Bankruptcy notice on the front door of Hawkair's Terrace headquarters.

Hawkair declares bankruptcy

Northwest-based airline Hawkair has declared bankruptcy, citing the state of the regional economy for slumping traffic.

  • Nov. 23, 2016 6:00 p.m.

Creditors of Hawkair will be meeting in Terrace Dec. 12 for the latest financial information following the company being declared bankrupt Nov. 18.

The company had itself voluntarily placed into bankruptcy, said Derek Lai from Crowe MacKay and Company, the licensed insolvency trustee firm appointed to dispose of its assets.

“What we do is protect the interests of all the creditors,” said Lai Tuesday.

The bankruptcy put approximately 40 people out of work although a few have been called in to assess the company’s inventory in preparation for disposing of what can be sold.

In addition to any equipment and aircraft parts, Hawkair had two Dash 8-100 aircraft.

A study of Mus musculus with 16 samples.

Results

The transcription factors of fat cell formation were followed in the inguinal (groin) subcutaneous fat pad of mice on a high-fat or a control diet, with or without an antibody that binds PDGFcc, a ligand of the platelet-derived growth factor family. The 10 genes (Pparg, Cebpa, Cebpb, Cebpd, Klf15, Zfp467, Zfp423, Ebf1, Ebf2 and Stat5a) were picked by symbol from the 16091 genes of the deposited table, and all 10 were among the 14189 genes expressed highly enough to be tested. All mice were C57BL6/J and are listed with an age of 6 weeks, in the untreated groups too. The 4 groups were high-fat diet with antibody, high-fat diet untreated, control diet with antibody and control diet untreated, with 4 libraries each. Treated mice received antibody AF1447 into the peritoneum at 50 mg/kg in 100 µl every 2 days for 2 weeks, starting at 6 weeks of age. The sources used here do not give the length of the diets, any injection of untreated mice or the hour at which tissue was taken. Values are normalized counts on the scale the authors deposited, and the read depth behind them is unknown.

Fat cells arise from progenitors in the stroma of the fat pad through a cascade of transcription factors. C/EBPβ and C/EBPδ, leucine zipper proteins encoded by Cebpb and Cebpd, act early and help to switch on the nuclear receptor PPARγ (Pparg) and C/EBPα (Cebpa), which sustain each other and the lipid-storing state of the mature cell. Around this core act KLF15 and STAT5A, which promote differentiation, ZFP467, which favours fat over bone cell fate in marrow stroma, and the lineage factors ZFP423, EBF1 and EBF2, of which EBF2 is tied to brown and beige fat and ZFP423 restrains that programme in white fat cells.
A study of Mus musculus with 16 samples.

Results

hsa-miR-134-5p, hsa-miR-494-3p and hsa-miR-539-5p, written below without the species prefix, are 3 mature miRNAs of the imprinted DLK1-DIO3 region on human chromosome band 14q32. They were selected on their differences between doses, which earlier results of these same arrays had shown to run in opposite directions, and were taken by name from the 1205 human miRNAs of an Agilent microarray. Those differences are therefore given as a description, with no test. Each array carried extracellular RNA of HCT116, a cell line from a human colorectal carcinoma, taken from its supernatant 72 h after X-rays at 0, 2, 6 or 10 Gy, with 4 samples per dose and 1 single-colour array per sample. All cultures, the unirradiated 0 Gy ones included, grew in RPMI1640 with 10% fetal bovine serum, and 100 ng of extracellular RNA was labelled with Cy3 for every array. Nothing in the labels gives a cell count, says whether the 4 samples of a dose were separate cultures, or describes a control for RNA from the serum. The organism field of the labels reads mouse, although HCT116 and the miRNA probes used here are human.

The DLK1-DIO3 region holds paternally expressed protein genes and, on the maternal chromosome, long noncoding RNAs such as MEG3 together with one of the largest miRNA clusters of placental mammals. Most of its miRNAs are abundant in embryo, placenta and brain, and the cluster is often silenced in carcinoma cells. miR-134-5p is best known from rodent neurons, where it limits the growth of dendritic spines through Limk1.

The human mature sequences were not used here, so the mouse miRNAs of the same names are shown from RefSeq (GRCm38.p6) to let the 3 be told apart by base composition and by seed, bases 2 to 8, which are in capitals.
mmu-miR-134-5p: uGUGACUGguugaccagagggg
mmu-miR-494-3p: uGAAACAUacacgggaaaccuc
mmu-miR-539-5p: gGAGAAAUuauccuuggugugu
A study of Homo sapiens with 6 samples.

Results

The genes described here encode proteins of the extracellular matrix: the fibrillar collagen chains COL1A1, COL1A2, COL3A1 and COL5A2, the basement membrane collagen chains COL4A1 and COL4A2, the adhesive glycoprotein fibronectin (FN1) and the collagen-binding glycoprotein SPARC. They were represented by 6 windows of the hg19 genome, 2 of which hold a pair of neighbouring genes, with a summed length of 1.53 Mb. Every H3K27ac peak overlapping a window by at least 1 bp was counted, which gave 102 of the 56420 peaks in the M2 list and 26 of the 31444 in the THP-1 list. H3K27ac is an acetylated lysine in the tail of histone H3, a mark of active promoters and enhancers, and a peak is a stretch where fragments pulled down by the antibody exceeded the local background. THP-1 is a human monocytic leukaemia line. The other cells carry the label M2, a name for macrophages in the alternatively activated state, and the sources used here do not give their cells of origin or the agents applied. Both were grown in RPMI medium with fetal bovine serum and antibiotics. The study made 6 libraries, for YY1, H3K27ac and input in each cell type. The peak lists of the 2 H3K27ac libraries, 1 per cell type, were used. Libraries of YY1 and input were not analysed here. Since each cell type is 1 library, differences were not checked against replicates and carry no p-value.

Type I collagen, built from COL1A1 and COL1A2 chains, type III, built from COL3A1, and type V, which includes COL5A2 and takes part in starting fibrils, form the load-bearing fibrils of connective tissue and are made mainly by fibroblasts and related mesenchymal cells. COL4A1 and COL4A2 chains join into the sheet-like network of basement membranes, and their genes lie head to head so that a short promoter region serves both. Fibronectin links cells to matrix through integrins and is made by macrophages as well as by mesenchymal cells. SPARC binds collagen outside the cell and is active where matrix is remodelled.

Once a major factor in the local and regional aviation community with more than 100 employees at its Terrace headquarters at the Northwest Regional Airport as well as at offices and bases in Smithers, Prince Rupert, Vancouver and northeastern B.C., Hawkair had gradually been pulling out of those communities and consolidating in Terrace.

Beginning in January, it stopped operating on its own and began supplying aircraft and crew to Central Mountain Airlines which is owned by the same holding company that owns Hawkair.

And in September, Central Mountain announced it was cancelling its Terrace to Vancouver service that had been using a Hawkair aircraft.

Speaking from the Central Mountain head office in Smithers, Doug McRea called the bankruptcy a sad occasion.

“Hawkair certainly has been a longtime supporter of the community and it will certainly be missed,” he said of its providing of tickets for various charitable organizations and purposes.

McRea said the state of the regional economy worked against Hawkair’s existence.

The bankruptcy means Central Mountain no longer can use Hawkair’s aircraft and so it has been shifting its own fleet around, McRea added.

The bankruptcy does not affect Central Mountain or the parent holding company because Hawkair was a limited company in its own right.